Editor’s Note: In this series, Mind in the Making facilitators share their experiences guiding workshops for parents, educators, caregivers and healthcare professionals throughout the Suncoast. In May, The Patterson Foundation funded training for 31 people through the Mind in the Making Facilitator Institute, which breaks down executive functions into seven essential life skills that help children achieve their goals.
What can I say? This was great! I enjoyed seeing the excitement, the joy, the desire to learn and how each of the Mind in the Making workshop participants put into practice everything they learned.
The nicest thing of all for me as a facilitator training professionals was that they were able to keep an open mind, put aside all their existing knowledge, and learn the new material.
Something that both my co-facilitator Liliana Wright and I got to do was understand the culture of the participants, so we could identify with them from the beginning (and also because the workshop was offered in Spanish, which is their native language). The participants said they felt more comfortable hearing the material in their language, which made it easier to understand and participate.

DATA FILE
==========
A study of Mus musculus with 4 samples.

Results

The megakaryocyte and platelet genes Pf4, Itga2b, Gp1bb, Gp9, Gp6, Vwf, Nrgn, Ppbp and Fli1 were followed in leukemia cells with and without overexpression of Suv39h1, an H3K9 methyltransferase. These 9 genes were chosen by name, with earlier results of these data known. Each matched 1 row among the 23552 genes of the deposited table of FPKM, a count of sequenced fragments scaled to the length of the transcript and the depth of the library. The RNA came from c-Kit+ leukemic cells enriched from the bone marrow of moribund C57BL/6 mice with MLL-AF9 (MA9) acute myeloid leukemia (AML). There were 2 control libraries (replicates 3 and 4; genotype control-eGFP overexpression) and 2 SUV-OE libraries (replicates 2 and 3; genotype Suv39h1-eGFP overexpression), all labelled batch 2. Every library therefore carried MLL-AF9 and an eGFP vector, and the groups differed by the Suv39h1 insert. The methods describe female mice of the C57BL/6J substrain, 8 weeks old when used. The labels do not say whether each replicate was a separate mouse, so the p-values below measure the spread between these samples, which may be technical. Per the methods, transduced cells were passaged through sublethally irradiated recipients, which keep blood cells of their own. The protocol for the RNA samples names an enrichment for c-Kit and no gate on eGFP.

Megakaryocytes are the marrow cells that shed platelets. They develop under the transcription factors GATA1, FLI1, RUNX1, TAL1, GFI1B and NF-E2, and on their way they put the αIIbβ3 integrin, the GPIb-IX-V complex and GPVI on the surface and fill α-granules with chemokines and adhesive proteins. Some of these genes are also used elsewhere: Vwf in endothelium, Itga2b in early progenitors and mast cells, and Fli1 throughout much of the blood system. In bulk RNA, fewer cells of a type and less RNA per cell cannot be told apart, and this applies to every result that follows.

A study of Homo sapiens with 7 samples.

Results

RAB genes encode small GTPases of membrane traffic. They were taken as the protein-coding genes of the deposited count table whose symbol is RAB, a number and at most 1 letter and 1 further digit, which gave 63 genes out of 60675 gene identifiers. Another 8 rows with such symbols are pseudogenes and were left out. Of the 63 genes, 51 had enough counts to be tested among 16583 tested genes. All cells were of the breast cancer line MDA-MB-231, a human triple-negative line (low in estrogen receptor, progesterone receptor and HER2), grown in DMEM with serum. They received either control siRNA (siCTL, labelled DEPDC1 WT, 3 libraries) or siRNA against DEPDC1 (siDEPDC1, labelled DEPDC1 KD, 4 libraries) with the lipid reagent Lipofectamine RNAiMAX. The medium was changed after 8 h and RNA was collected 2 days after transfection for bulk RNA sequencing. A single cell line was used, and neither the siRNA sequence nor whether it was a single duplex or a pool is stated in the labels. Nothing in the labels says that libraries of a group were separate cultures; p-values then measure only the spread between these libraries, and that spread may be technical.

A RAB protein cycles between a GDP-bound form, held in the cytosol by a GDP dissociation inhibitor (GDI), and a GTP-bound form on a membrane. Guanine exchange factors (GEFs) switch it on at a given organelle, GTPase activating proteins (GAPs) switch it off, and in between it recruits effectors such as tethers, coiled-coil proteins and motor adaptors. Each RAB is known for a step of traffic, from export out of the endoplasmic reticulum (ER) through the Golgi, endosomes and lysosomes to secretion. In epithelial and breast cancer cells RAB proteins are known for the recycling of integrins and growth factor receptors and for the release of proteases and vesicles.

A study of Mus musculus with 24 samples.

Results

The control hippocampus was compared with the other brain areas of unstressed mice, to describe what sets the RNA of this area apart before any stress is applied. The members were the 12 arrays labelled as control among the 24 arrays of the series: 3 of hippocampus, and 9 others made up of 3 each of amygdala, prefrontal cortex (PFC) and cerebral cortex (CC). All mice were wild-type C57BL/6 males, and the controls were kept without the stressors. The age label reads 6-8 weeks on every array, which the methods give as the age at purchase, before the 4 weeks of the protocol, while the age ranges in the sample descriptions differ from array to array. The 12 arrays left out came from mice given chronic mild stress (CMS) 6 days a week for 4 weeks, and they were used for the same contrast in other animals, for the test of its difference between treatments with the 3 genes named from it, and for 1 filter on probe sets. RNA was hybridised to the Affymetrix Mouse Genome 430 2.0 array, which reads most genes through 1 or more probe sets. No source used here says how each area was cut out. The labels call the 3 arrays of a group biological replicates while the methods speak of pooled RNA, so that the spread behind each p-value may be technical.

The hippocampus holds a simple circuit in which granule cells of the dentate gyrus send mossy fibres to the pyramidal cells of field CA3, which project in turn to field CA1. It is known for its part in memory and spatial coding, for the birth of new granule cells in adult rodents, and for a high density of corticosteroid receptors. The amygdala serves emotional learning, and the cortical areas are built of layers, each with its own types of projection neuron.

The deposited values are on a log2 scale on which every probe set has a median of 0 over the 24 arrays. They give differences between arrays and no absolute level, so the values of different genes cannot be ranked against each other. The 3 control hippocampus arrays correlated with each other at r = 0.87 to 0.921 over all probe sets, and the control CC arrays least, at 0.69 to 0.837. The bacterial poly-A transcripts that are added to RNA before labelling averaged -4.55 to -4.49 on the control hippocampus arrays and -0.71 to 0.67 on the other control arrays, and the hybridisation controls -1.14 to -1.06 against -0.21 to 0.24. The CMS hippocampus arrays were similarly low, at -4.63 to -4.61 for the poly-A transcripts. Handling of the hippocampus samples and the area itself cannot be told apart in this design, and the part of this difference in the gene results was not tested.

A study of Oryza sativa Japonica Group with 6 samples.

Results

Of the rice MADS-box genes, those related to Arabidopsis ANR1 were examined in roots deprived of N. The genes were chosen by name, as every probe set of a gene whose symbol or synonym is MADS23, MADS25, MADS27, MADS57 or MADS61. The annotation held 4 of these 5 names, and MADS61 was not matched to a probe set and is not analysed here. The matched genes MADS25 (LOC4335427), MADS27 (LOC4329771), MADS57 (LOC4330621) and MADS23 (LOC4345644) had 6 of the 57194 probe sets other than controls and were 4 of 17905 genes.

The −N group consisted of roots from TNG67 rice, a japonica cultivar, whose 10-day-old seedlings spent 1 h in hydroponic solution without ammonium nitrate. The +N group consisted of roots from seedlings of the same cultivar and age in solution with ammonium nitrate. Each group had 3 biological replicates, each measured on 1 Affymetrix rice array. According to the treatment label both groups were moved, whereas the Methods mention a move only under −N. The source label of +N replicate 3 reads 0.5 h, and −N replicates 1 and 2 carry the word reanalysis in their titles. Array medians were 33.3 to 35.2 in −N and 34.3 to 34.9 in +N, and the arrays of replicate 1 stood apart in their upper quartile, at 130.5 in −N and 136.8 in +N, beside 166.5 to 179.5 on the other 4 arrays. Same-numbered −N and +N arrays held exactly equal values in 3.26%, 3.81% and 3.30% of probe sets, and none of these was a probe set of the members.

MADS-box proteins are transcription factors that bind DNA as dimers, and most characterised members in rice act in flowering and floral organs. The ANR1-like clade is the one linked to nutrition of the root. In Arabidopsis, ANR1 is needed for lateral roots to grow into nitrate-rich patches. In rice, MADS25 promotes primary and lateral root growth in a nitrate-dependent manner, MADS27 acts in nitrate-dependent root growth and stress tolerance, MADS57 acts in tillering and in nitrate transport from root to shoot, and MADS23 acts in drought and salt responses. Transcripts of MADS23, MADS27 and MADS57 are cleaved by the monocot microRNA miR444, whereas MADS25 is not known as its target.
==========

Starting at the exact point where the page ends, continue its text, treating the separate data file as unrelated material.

At the end of the workshop, the participants said they had used these seven modules in their personal lives as adults, mothers and professionals, and wanted to develop their potential as women.
One of the stories shared is from a participant who said she realized, through a video presented, that babies from birth can use their executive functions and be aware of everything that happens around them. This impacted her life as a grandmother because now she plans on being more alert when interacting with her little granddaughter.
Another participant said that before the workshop, she used to play video games every Friday with her 10 year-old-son, her 3-year-old girl and her husband. After going through this workshop, she decided to buy some board games to put into practice some of the learned modules, such as focus and self-control, perspective, communication and challenges, among others. She told the group that she went to the store with her family and gave everyone the opportunity to choose a board game, and when they were playing at home, they realized that they enjoyed it more than when playing video games.
At the end of the workshop, participants decided to share this material with others in the community they serve. This workshop helps us grow as human beings, to realize our mistakes, but also teaches us how to improve ourselves and become better parents. One of the things I liked best is that it educated us as parents on how to teach our children to obtain their greatest potential in their pathways to success.